Indianapolis is known to the jazz guitar world as the place where Wes Montgomery came from. Since Wes died in the late ’60s, there have been several other great jazz guitarists who have made Indianapolis their home.  One such guitarist is Joel Tucker.  Joel keeps himself busy playing around town as well as abroad. In 2017 he played the Montreux Jazz Festival in Switzerland and France.  Joel is often seen around town with his bassist brother, Nick, with their Turner Brothers Band, especially on Wednesday nights at the Chatterbox, a favorite Indy place for great music.  Joel is also a lecturer of jazz guitar at Ball State University.

JB:  What inspired you to play jazz guitar and what was most helpful in your personal development as a guitarist?

JT:  I started playing guitar after hearing Pat Martino’s 1970 album Desperado.  I began playing jazz in high school and decided to pursue it as a career.  My teachers were definitely the most helpful in my development as a guitarist, and they’re also the reason I decided to pursue teaching as a career.

JB:  Indiana University has a fine music department, was Dave Stryker teaching guitar there when you were a student? 

JT:  As an undergrad, Corey Christiansen was my teacher.  When I went to grad school, Dave Stryker was there.  Both were excellent people to study under.

JB:  To you, what are three of the most influential jazz guitar albums and why? 

JT:  Desperado by Pat Martino.  I had never heard a guitar played that way before I heard that album.

Kurt Rosenwinkel Standards Trio: Reflections.  This album got me thinking about playing in a trio setting without other chordal instruments, which I’ve done ever since.

Perceptual by Brian Blade & The Fellowship Band.  It also features Kurt Rosenwinkel on guitar and Dave Easley on pedal steel guitar.  This album changed the way I approached my own writing, and I still listen to it multiple times a week. 


JB:  Tell us about your goals in making your new album Live at Chatterbox.  I know that you and your brother play at the Indianapolis club weekly.

JT:  We decided to make this album because we’ve been playing there weekly for many years.  We just wanted to highlight some of our favorite original songs and standards from the time we’ve been playing there and have a product to sell at our weekly shows.

 JB:  You do wonderful renditions of “Skylark,” “Caravan,” and “You and the Night and the Music.”  Talk about what led to these three songs being included.

JT:  They are just some songs we’ve enjoyed playing over the years.  The version of “Skylark” that we play is paying tribute to a version by guitarist Lionel Loueke.  Nick came up with the version of “Caravan” on the record, and “You and the Night and the Music” is just one we’ve been playing for a while.  We do many standards, but we chose these three because they’re ones we’ve been doing for a long time.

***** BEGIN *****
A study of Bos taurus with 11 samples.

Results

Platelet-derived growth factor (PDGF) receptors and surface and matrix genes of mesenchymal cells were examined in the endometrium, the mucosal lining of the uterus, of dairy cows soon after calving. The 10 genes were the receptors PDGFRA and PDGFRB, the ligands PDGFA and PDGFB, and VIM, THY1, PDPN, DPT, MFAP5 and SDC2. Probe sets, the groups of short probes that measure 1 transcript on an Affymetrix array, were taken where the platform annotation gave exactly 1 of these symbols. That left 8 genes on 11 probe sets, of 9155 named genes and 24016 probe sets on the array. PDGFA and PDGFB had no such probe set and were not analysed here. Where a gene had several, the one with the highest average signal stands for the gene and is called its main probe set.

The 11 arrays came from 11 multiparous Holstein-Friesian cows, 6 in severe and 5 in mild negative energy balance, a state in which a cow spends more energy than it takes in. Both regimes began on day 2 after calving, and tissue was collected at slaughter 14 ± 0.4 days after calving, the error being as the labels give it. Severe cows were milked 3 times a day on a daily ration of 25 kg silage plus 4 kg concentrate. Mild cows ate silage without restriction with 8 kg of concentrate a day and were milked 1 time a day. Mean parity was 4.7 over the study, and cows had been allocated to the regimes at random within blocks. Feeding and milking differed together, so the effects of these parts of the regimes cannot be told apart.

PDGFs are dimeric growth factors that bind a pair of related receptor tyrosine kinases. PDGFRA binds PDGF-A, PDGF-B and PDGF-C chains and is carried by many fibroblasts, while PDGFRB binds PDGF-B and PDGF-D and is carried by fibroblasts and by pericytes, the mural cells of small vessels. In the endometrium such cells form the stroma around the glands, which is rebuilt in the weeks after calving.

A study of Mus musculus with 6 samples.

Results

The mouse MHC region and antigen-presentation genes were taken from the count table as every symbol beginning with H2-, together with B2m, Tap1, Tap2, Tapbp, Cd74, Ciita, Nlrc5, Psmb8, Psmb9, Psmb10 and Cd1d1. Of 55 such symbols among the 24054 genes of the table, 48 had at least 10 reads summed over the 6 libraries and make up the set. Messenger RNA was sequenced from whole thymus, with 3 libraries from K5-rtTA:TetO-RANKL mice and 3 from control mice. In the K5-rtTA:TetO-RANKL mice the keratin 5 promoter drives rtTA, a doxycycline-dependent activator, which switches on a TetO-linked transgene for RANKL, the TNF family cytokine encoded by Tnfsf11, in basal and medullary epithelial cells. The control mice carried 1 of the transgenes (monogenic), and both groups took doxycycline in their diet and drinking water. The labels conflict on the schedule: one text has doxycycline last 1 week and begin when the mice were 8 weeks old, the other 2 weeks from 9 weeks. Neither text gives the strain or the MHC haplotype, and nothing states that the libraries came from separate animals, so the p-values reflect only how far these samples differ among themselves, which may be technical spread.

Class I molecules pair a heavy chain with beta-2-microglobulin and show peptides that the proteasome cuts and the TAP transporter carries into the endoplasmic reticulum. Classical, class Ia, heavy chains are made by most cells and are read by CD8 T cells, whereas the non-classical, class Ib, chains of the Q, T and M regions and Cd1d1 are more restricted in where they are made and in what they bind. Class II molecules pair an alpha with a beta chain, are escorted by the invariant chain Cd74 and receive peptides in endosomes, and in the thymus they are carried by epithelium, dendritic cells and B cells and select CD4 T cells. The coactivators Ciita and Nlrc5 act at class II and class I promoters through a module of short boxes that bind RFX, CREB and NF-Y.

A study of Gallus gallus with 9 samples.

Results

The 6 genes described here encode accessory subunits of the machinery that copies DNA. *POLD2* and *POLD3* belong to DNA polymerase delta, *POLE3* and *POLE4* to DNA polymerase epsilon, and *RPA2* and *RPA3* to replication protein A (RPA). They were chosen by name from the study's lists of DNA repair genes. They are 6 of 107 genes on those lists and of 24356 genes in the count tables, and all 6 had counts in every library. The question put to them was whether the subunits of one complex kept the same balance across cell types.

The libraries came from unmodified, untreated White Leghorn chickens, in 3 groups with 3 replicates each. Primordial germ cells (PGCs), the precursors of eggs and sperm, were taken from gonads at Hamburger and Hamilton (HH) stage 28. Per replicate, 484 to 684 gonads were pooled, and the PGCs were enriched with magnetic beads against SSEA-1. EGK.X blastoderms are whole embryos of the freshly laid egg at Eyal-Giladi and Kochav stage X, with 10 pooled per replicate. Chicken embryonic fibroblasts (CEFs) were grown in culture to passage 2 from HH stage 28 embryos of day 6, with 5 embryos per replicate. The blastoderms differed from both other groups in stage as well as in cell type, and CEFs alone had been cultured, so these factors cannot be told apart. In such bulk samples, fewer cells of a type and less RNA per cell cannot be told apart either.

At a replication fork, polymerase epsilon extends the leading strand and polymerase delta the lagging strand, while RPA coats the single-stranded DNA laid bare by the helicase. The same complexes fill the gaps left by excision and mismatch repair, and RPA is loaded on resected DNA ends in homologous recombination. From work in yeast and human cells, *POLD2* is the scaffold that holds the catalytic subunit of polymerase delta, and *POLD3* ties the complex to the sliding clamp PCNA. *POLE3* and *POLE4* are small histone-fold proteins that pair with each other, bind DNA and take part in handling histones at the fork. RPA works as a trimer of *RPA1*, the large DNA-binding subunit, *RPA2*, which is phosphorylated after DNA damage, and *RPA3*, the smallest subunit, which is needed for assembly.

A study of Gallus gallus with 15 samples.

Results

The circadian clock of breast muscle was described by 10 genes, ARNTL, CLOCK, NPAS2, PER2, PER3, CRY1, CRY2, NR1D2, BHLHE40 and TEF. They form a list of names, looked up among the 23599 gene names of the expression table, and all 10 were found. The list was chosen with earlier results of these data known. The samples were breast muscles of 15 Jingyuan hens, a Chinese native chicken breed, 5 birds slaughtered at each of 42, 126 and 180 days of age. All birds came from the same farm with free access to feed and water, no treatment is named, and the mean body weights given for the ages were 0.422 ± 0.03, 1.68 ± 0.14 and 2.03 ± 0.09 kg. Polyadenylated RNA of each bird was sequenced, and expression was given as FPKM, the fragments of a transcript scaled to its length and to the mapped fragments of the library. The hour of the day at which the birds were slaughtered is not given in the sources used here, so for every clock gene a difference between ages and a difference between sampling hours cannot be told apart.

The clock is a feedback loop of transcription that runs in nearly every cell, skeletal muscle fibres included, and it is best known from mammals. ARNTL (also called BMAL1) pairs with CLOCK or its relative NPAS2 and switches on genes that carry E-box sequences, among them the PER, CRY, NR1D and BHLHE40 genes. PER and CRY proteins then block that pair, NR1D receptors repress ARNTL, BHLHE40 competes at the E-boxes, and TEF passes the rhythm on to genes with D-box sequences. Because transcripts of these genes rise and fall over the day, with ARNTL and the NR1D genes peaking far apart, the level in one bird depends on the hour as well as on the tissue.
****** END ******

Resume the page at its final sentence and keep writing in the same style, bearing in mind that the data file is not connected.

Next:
JB:  Drummer Carrington Clinton and your brother, bassist Nick Tucker, are a great rhythm section.  What do you appreciate most about them as players?

JT:  They lock in really well as a unit.  I really enjoy getting to be part of the rhythm section with them, and they inspire me to get better each time we play together.  What I love most about them is their attention to time and how they interact with soloists.  

JB:  What do you appreciate most in sharing the front line with saxophonist Sean Imboden?

JT:  I love the timbre of the guitar and tenor saxophone lines together.  Sean also has an interesting sound that I believe blends well with guitar.


JB:  You have a more rock-pop approach with the Commodore Trio. Talk about your goals in recording your new EP Communal.

JT:  This was a project for fun to dive into new musical territory.  We draw upon elements of post-rock, art rock, math rock, and improvisation.  I went into recording this project with no outcomes in mind other than having fun with my trio and creating a solid finished product.


JB:  What do you appreciate most about the main guitar you play? 

JT:  I mostly play my Gibson ES137, but I also really love my Strandberg 8 string.  They’re both great instruments that I’ve spent a lot of time working on lately.

JB:  Reflect upon your experience performing at the 2016 Indy Jazz Fest tribute to Wes Montgomery and the fellow guitarists you shared the stage with. 

JT:  That was a really great experience getting to meet Pat Martino.  We had great conversations about life and his approach to music.  I remember him telling me that “no matter what happens in life, you’ll always have your instrument”, and that really stuck in my mind.  It’s helped me through a lot actually.  (haha)

JB:  As a gigging musician, talk about the jazz scene in Indianapolis and the kind of places where you play when you travel.

JT:  It’s a good scene here, but I am so consumed with teaching and my own gigs that sometimes it’s difficult to connect with everyone in a way that I truly want to.  When I travel, it’s usually just as a sideman rather than a bandleader, but I am hoping to get the Commodore Trio on the road sometime this year to play regionally.  I have been taking steps to make that work, and hopefully, I’ll be able to set up a summer tour.